Toy Making Technology: 1/10
Fight Choreography: 0.5/10
Looks like we have a special treat today for the boys and girls, since your dear old Uncle Bad Movie Bob is writing about a movie that’s fun for the whole family. Ordinarily, I don’t suggest that you subject small children to the rampant garbage that tends to find itself on my T.V. screen (I still rock a TV set, fuck you flatscreen users), but since X-mas is only 8 months away, why not get in to the spirit of it? Also, this movie has been at the front of my queue for months now, and a little spring cleaning was in order. Anyway, without further ado, I give you Santa Claus Conquers The Martians.
There is something very wrong with the children on Mars. Despite the fact that they are taught to be calm and logical, fed pills instead of food, and denied any sort of XBOX, they seem depressed and lethargic (yes, I know what that word means). The leader of the Martians and prospective Father Of The Year, Kimar, is determined to find a solution, and after consulting with a mysterious old man in the middle of nowhere, he finds out that Mars is in desperate need of a Santa Claus. Eager to go to Earth for something other than giving anal probes to cows and rednecks, Kimar jumps in “Spaceship #1” (its actual name) with a crackpot team of other Martian men, who swear to return with good ol’ Saint Nick.
They quickly discover, however, that Earth is home to many people who fit the description of Santa, and they all seem to be on different street corners ringing bells. They are forced to ask for directions to Santa’s house, and they first come across little Billy and Betty playing in a field. After a brief introduction, the kids explain that Santa lives in the North Pole, and all those other guys are just his helpers. With the knowledge they need now in their grasp, they kidnap the children and race to the North Pole. Why kidnap the children, you ask? So that they won’t tell the government that Santa was kidnapped by Martians. Duh. Once they have the Claus on board, it’s full speed back to Mars, but the plot thickens.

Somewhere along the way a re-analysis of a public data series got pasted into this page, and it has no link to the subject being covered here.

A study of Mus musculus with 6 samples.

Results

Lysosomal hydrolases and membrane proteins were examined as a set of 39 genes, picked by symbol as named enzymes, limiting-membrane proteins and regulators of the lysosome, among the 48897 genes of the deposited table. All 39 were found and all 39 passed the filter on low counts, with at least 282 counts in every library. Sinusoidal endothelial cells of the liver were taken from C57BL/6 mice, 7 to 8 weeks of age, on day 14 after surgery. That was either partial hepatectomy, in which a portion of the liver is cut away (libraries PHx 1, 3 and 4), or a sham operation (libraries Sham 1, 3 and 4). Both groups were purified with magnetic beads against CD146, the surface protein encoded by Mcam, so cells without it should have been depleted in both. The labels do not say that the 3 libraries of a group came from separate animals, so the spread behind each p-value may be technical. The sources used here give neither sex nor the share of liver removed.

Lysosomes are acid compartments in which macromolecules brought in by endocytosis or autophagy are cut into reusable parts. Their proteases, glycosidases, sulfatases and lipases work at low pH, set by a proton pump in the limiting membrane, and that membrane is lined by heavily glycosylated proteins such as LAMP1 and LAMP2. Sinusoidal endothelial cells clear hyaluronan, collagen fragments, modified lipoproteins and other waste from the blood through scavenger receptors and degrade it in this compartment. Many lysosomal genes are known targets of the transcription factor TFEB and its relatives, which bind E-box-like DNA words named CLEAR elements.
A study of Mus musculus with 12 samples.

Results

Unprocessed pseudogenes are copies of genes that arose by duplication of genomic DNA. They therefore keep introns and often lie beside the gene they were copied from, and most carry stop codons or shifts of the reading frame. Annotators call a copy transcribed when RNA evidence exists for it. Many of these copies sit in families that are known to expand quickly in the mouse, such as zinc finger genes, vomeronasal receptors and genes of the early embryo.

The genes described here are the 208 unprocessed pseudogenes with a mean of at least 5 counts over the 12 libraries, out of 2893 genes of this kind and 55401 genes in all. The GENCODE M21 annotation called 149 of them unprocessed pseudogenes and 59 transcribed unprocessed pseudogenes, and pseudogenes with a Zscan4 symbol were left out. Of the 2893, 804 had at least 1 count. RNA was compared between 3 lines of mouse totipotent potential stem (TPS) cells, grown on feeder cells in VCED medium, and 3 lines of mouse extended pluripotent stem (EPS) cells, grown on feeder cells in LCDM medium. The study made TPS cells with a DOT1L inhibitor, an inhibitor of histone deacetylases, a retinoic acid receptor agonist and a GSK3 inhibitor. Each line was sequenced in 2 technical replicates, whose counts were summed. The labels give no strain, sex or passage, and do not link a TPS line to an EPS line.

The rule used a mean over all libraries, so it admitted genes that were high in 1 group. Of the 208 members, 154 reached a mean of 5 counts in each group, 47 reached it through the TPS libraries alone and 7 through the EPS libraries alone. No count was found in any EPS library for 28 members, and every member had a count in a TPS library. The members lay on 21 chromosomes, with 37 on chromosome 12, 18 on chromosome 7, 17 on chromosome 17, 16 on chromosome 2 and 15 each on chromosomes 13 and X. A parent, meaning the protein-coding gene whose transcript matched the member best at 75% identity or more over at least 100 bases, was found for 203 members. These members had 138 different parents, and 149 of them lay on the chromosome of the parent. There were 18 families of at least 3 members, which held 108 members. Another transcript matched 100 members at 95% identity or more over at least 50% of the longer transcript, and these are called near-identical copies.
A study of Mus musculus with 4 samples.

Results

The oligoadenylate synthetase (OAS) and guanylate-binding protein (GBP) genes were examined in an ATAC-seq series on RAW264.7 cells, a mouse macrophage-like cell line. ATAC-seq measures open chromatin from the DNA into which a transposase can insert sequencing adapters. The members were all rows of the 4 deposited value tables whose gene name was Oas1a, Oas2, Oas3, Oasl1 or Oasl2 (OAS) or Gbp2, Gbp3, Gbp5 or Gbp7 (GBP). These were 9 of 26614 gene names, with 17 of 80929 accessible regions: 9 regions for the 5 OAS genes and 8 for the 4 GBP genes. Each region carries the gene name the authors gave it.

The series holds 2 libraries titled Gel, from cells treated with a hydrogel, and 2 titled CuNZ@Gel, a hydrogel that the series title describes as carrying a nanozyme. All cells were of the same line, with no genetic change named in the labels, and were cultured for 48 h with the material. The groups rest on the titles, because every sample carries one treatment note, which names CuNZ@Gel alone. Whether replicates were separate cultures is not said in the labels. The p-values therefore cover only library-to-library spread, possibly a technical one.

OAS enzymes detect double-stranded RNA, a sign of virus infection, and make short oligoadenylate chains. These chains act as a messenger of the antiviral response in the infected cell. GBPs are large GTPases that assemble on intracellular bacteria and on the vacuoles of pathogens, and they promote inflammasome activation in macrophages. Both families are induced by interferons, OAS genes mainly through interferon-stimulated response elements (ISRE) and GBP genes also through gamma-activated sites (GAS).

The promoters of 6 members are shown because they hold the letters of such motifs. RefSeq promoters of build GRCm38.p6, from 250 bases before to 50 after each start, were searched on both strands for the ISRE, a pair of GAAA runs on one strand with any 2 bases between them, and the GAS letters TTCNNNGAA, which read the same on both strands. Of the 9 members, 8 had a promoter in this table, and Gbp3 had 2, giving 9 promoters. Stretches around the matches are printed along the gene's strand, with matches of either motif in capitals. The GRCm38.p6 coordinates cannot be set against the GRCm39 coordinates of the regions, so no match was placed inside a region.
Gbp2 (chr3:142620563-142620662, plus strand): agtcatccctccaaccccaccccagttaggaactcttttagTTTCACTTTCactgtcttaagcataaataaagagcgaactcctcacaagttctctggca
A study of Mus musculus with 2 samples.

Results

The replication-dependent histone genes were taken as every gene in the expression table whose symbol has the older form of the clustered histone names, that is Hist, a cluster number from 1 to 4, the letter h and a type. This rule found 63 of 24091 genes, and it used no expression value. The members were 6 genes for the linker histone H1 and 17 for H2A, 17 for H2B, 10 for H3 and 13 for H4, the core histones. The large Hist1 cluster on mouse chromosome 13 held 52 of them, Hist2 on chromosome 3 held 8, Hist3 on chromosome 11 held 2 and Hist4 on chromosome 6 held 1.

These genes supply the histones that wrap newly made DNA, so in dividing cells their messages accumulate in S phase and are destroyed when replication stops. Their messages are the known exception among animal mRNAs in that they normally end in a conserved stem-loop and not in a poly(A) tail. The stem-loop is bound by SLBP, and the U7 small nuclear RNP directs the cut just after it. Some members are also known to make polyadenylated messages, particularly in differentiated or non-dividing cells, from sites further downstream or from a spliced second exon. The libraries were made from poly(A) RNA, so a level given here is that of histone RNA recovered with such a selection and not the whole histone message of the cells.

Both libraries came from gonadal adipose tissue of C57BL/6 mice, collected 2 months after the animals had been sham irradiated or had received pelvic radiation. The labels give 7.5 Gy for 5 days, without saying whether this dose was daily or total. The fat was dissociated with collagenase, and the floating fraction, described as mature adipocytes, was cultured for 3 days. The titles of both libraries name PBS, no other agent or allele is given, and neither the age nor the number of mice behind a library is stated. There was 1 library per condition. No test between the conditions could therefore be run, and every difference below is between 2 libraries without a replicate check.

One of the Martians, Voldar, hates every part of this plan. He hates kids, hates Santa, hates laughter, and hates pretty much everything else except mustaches. He even attempts to kill Santa and the kids by ejecting them from the airlock, but thanks to Santa’s magic ability to get through tight spaces, they make it through alive. Once back on Mars, Kimar wastes no time in building Santa a state-of-the-art toy factory capable of making (are you ready for this) 5 different toys! The letters start pouring in from the martian children, and Santa gets to work on giving them a proper X-mas. He stays jolly in true Santa form, even when he is told that he can never return to Earth, and decides to make the best of his situation. Voldar, however, still wants to destroy everything to do with fun, so he gets a gang together for one last raid against Santa’s Workshop. Much to his surprise, the children are ready for him, and retaliate by attacking him with toys. The whole situation is so emotionally damaging that Voldar begins to cry and gives up (seriously), and Kimar takes him away to Martian jail. Oh, and he also tells Santa, Billy, and Betty that they can go home, too. Everything is wrapped up as neatly as a gift, and the credits roll with a pretty awesome song about Santa and Martians.
There’s a lot to go over here, so I’ll try to keep it brief. The design of the Martians reminded me of some highschool diorama project that I waited until the night before it was due to start. The script (if there was indeed a script) seemed to have been written by an elementary school class attempting to demonstrate the value of democracy in the creative process. The set design is so low-budget that it’s hard to understand why they didn’t just draw the background out with crayons and see if anyone noticed. The fight scenes were…..just bad. Look, I could go on and on, but the bottom line is that it really doesn’t get much worse than this if you’re looking in the cheap bins. Grab the kids, grab the dogs, call your neighbors over, and sit around the tube to enjoy this masterpiece, because when I recommend a family movie, you know it’s a rare gem.
Thanks for stopping by, children of the world (and any other worlds), I hope you’re all being good boys and girls (or whatever genders are on your planet). Until next time, keep watching those bad movies, or aliens may abduct a semi-religious holiday’s icon that you actually care about.
P.S. Did I mention that there is a robot?